Statement from Ohio Department of Natural Resources:
ODNR’s top priority is to protect public health and safety, which is why we successfully insisted Senate Bill 315 include stringent regulations and water testing requirements throughout the drilling process to properly address potential health and environmental concerns. As a regulatory authority, we take water contamination reports very seriously and will continue to investigate all claims. If need be, ODNR has regulatory authority to require water supply replacement if a water supply is impacted by an oil and gas operation. “
Statement from Mountaineer Keystone regarding Kline family case:
“Ohio Department of Natural Resources (ODNR) regulations require pre-drill testing of well water within 1500 feet of a proposed drill site. Exceeding regulations, we tested the Kline residence, which lies beyond the required the distance. At the Kline’s request, we funded an independent lab of their choosing. Those results showed elevated methane levels in their well water existed prior to the start of any drilling activity. We are supporting ODNR regarding its inquiry into the Kline’s issue. ODNR has also verified that there are many natural variables that can cause the levels of methane to change.”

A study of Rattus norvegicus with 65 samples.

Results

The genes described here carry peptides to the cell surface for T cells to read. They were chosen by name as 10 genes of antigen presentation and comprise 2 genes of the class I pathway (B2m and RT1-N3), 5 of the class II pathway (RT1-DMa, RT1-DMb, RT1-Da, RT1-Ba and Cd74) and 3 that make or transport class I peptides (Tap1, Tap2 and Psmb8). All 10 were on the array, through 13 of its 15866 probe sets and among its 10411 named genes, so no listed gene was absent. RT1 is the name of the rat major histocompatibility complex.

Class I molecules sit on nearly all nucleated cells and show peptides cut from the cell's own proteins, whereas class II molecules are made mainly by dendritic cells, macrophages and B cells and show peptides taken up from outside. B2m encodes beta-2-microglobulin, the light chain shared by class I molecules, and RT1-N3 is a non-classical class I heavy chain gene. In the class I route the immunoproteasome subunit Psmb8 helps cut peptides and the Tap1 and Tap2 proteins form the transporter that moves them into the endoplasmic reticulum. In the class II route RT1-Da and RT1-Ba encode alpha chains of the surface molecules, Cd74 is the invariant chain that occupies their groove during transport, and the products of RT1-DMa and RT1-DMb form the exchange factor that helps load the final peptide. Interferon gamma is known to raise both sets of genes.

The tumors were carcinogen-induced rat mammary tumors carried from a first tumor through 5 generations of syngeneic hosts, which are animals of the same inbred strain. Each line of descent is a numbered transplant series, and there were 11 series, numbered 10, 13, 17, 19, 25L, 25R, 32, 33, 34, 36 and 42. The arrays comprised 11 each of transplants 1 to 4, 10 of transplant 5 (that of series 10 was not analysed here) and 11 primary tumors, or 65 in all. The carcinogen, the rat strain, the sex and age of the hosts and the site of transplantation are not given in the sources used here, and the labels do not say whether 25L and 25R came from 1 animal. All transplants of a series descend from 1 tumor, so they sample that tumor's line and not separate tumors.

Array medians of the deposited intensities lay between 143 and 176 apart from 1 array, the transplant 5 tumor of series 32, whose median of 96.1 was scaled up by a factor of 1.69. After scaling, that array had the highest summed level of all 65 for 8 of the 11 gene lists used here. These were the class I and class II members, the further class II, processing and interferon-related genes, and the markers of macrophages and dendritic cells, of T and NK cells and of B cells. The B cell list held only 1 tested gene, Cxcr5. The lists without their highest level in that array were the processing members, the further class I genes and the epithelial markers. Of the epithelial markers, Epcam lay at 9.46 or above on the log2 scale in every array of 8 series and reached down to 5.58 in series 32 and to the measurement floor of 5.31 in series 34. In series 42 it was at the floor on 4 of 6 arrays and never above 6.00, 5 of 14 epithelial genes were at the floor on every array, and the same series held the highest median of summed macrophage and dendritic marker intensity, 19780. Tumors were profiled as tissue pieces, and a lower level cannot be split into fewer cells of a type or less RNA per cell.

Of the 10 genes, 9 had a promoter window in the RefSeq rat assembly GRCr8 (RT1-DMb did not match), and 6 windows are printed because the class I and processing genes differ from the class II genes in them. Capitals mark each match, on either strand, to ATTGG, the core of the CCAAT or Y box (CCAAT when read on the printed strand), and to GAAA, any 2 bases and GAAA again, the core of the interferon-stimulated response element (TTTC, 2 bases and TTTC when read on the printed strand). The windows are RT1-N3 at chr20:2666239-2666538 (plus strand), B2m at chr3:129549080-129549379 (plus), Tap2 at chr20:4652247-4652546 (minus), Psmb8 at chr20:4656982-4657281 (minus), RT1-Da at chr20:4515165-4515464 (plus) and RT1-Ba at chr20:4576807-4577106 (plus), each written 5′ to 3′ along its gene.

Statement from Dan Alfaro, spokesman, Energy in Depth:
"Ohio is widely recognized as has having one of the most robust and transparent regulatory structures in the nation in all aspects involved in oil and gas development. This industry is regulated by numerous bodies of oversight at both the state and federal levels, and it is in working within this structure that we can continue to safely and responsibly develop our vast energy resources."